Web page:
Is HMO-style managed care gradually losing its ability to manage costs?
It still controls costs better than traditional fee-for-service medicine and at least somewhat better than less-structured forms of managed care such as PPOs and point-of-service plans, according to some recent surveys.
But costs to employers-key players in the healthcare wars-continue to escalate.
New York-based Buck Consultants, for example, conducted a midyear survey of 61 health plans and third-party administrators. Respondents expected costs for the rest of 1999 to rise somewhat faster than increases projected in a survey conducted in January (July 26, p. 26).
Costs are expected to jump between 6% and 12.1% this year, depending on the type of plan, the survey found (See chart). That compares with the earlier survey's projected increases of 5.6% to 12.6%.
For HMOs, costs are expected to rise 6%, compared with an earlier 5.6% estimate. Similar increases are expected for POS plans and PPOs (See chart).
The cost of providing prescription drug benefits is now expected to soar by 17.6% this year instead of the 14.6% increase predicted in January.
Ironically, only indemnity plans are expected to have less of an increase-at 12.1%-than the January estimate of 12.6%.
Organizations participating in the mid-year survey included Aetna U.S. Healthcare, numerous Blues plans, Cigna HealthCare, Kaiser Permanente, Oxford Health Plans, Prudential HealthCare and United HealthGroup.
Harvey Sobel, a Buck principal and consulting actuary who helped produce the survey, says reductions in Medicare and Medicaid reimbursement rates are "forcing providers to shift costs to commercial patients," thereby ratcheting up employers' costs. Other contributing factors are federal and state mandates requiring coverage for such areas as mental healthcare, increased regulatory scrutiny of providers and hospital consolidations, and higher medical malpractice costs.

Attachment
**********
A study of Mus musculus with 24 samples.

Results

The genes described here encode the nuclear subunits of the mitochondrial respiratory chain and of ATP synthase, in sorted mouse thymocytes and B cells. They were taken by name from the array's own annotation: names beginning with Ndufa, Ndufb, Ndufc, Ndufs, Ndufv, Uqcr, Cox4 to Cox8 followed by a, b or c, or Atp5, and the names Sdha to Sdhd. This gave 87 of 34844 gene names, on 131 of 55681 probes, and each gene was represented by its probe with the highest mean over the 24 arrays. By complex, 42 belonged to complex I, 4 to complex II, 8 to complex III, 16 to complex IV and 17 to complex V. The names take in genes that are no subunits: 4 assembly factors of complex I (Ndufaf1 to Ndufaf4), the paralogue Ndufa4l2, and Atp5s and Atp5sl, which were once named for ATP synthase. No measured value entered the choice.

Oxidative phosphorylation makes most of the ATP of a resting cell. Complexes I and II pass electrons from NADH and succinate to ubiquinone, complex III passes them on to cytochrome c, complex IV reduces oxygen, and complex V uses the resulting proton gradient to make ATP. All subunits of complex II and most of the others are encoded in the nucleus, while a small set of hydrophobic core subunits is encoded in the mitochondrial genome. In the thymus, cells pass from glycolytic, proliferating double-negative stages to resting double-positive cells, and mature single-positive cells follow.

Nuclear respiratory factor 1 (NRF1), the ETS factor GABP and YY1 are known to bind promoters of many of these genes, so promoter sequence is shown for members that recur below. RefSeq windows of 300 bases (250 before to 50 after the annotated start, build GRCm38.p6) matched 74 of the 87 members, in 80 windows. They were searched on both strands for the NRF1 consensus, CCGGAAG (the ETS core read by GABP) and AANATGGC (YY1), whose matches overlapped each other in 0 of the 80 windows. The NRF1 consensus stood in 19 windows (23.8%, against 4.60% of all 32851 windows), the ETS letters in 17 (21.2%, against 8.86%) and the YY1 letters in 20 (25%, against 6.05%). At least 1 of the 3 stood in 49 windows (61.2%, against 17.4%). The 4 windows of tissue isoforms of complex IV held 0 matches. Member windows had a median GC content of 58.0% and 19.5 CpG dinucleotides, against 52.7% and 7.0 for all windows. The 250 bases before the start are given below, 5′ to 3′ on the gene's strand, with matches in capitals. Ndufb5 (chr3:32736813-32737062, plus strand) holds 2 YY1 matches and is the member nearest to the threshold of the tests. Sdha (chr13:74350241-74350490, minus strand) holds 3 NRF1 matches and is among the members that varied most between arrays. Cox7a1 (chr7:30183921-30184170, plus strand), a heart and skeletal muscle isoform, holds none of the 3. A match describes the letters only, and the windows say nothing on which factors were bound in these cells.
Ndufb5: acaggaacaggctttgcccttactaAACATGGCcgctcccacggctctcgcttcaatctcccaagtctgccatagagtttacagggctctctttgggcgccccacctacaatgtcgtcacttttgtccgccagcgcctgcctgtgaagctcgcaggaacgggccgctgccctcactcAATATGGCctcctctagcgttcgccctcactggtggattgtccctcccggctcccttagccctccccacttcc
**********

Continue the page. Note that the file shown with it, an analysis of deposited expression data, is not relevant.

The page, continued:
Pharmaceutical costs increasingly are seen as a major villain in this upswing.
Prescription drug spending grew twice as fast as total healthcare spending from 1993 to 1998, according to a recent study by the National Institute for Health Care Management Research and Education Foundation, a not-for-profit research group based in Washington.
"I don't think anybody had looked at this before," says Ed Neuschler, the foundation's senior director of policy and research.
Third-party payers, including employers and health plans, are being hit with most of that increase. Spending by this segment shot up 130%-from $20.1 billion to $46.3 billion-from 1993 to 1998, compared with a jump of just 17%, to $24.8 billion, in out-of-pocket payments by consumers.
Excluding prescription drug costs, the cost of medical care increased just 26.2% during the five-year period, Neuschler says. Prescription drugs accounted for 37.6% of the overall increase.
Managed-care companies are scrambling to hold these costs in line. One response has been to use multitiered payment systems that require enrollees to make higher copayments for brand-name drugs. The goal is to spur the use of less-expensive generic versions. So far, though, prescription increases seem to have the upper hand.
The Healthcare Financial Management Association and Watson Wyatt Worldwide recently surveyed 587 healthcare organizations and nearly 300 employers. Respondents said medical inflation is being caused by an aging population, technological advances, new pharmaceuticals, labor costs, legal liability and increased utilization.
Employers said they expected median healthcare cost increases of 7.5% this year.
Not surprisingly, the survey identified managed-care companies as the healthcare organizations most likely to try to pass cost increases to employers. Nearly two-thirds, or 64%, of managed-care companies expect to do so, the survey found. In a time when most HMOs need to boost their profit margins, only 21% said they would try to absorb the increases.